Recent data from the Louisiana Workforce Commission revealed that over the past year, construction was the fastest growing sector by employment in Louisiana.
The construction industry added 7,000 jobs in the state between March 2015 and March 2016. It was the largest net increase of any sector, represented a gain of 4.32%, and was the fifth consecutive over-the-year increase. Within the sector, non-residential building construction jobs grew by 17.9% while heavy and civil engineering construction jobs grew by 7.6%.
Al Bargas, president of the Pelican Chapter of the Associated Builders and Contractors in Baton Rouge, says much of the recent job growth has been fueled by large industrial projects in the southern part of the state. Louisiana has been in an industrial renaissance in the past few years with more than $100 billion worth of chemical plant expansions and construction projects.
While these projects have provided a tremendous boost to the construction industry, Bargas says they're "starting to slow down." Particularly in the Lake Charles market, some of the plants aren't being constructed as quickly as they had been forecast. In response to lower oil prices, Sasol announced it was delaying final investments and slowing construction on its $8 billion plant in Lake Charles.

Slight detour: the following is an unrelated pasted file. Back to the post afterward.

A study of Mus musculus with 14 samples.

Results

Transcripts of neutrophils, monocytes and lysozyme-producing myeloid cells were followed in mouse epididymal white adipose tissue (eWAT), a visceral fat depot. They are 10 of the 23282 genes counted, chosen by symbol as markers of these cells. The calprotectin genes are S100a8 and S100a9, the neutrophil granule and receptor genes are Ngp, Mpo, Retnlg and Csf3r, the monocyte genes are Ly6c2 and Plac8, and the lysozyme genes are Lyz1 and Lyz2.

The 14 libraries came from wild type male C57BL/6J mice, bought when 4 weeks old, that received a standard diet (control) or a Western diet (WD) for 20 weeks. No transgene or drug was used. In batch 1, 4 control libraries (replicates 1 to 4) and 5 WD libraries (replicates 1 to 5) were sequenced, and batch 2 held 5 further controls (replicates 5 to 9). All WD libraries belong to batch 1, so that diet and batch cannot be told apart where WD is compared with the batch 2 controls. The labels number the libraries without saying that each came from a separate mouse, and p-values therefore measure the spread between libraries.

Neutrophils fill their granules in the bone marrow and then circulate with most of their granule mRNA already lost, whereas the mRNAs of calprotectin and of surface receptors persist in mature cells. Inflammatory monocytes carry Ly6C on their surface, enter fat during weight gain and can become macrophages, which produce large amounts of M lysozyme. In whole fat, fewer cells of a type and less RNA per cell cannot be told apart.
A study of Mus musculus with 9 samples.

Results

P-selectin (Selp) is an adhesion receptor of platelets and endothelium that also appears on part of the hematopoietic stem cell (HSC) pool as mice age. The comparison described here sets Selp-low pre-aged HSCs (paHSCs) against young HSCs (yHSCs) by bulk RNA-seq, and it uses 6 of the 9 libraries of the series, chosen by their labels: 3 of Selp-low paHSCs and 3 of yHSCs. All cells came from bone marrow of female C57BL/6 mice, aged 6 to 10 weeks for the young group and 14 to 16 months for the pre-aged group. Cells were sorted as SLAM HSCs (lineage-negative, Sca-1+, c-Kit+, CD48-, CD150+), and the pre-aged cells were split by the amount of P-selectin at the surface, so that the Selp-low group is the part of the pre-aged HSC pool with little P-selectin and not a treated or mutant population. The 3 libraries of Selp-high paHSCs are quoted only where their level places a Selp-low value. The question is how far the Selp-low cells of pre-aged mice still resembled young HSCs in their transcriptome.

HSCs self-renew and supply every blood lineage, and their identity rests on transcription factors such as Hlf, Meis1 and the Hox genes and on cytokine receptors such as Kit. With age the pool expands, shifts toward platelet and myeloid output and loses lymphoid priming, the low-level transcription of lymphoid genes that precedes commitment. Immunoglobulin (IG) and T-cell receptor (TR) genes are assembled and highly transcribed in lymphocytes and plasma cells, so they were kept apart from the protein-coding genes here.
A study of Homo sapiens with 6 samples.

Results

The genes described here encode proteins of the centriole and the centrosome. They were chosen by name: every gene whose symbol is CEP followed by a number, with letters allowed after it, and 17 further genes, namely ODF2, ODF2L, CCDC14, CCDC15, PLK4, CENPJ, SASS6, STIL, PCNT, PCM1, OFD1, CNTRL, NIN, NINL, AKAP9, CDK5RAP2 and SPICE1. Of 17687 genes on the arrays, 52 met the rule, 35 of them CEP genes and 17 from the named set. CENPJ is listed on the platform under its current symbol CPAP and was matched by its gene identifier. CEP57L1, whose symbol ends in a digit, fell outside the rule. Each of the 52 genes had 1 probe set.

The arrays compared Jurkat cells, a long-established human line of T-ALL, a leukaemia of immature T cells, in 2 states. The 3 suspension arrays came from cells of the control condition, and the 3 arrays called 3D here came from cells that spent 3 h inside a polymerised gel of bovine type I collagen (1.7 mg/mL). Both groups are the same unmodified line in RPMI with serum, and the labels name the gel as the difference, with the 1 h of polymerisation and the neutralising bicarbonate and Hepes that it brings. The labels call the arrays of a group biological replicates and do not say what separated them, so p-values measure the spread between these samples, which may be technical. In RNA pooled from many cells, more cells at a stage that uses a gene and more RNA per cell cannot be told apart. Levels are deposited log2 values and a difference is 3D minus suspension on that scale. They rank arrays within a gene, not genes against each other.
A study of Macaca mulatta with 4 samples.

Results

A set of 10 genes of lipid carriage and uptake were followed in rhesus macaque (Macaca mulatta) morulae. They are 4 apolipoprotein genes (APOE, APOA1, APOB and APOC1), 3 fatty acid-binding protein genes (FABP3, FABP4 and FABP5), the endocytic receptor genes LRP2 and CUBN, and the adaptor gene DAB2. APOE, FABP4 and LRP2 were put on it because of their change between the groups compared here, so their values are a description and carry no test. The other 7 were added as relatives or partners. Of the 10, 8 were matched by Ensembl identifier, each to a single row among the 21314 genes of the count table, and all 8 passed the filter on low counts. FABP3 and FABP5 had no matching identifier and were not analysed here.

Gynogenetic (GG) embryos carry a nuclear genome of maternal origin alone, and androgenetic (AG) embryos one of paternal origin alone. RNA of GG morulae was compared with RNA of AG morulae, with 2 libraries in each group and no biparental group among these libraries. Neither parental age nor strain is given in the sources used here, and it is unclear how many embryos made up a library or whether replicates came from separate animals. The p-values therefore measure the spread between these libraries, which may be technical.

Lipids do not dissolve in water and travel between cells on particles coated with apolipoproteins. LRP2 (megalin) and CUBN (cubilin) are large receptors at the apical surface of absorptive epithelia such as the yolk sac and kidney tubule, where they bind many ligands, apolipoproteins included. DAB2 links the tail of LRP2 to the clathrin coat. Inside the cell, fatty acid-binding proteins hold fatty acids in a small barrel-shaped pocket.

Bargas says most job number declines from those projects have been offset by turnaround projects and that Louisiana will "always" have a high demand for plant construction and maintenance jobs. "There is still big demand [for workers] across the board as the many people in the skilled trades are getting ready to retire. That in and of itself is driving demand," he says.
While the numbers look rosy, some in the industry say they can be deceiving. Ken Naquin, CEO of the Louisiana Associated General Contractors, says although the industrial construction sector has experienced job growth, "there hasn't been growth anywhere else in the industry." Naquin says a lack of funding and commitment for infrastructure projects in the past year has led to a fewer project starts. Naquin says many contractors are looking for work in the industrial sector or in neighboring states.
The construction industry is now anxiously waiting for state lawmakers to finalize the 2017 construction budget which could have a shortfall of up to $1 billion. Louisiana is in the midst of a financial crisis due to high expenditures and dwindling tax revenues impacted by the falling price of oil.
Naquin says any final version of a construction budget will likely mean less funding for infrastructure projects in 2017.
"We are struggling. We do have a commitment that there is going to be some infrastructure addressed at some point in time but the question will be how much and when," says Naquin.